29th September 2020

Author: Jale Richard | Published: Monday, December 30, 2019

Kiir at his Luri farm on Dec 29, 2019. Credit: PPU.

President Salva Kiir has advised South Sudanese to engage in agriculture to prevent poverty and help recover the country’s economy.

“People who are not doing anything in agriculture should also do it,” Kiir said on Sunday while witnessing this year’s  harvest from his farm in Luri county of Jubek state.

He was accompanied by the First Lady Mary Ayen Mayardit and First Vice President Taban Deng Gai to what they called launch of the harvest season.

“If I can do this with my other colleagues like Taban, why would anybody else not do it? We want everybody to embark on agriculture,” Kiir added.

In September, the government and three UN agencies warned that more than half of the population in South Sudan were food insecure due to insecurity that forced many to internally displaced peoples camps without livelihoods.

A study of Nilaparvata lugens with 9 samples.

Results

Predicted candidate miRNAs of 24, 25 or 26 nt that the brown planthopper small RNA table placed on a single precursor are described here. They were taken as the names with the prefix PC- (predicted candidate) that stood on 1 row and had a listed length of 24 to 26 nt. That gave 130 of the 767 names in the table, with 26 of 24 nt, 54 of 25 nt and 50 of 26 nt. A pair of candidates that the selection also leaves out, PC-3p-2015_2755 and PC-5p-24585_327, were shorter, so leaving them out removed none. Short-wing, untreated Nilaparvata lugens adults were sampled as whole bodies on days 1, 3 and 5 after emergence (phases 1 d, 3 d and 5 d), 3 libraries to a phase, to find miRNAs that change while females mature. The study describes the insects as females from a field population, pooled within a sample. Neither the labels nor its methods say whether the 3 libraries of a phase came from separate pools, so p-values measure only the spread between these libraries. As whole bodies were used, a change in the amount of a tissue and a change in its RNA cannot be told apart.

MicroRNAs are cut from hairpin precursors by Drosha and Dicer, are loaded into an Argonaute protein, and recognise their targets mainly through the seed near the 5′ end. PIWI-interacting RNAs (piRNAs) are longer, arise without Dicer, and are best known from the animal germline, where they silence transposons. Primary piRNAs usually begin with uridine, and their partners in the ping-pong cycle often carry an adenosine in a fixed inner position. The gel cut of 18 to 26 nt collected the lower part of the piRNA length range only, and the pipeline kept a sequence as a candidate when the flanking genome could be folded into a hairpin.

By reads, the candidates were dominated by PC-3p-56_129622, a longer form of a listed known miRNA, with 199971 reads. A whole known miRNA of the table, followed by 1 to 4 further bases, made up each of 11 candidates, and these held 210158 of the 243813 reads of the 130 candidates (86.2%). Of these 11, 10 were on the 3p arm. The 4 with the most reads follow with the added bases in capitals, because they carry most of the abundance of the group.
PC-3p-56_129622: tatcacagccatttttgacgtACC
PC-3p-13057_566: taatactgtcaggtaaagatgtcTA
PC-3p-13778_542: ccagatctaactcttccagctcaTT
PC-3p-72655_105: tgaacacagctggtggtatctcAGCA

Since 2005, aagriculture was severely neglected despite the huge agricultural potential South Sudan has. According to the United Nations Food and Agriculture organization, only about 5% of South Sudan is cultivated due to the civil war that started in 2013, and inadequate investment in the agriculture sector.

In 2015, President Kiir donated 1,000 tractors to the states to implement his pledges of improving and boosting food security but many of the tractors were reportedly personalized by state governors and government officials.

Speaking on investment, Kiir stated that money generated from crude oil will be used for agriculture instead of just being “consumed.”

“We want to use the oil money in the agriculture so that we produce enough food for the people of South Sudan and surplus can go to the market,” he said.

“This is the only thing that can do to come out of this poverty. The oil money should not be consumed just without anything being done with it. It is just to use the oil money in agriculture, so that agriculture benefits people,” Kiir added.

South Sudan largely depends on its oil sector to generate the country’s Gross Domestic Product, but Kiir’s government has often come under criticism for misusing money generated from the oil sector.

In 2018, a report by The Sentry says the government was using the country’s oil money to fund the civil war instead of funding developmental activities.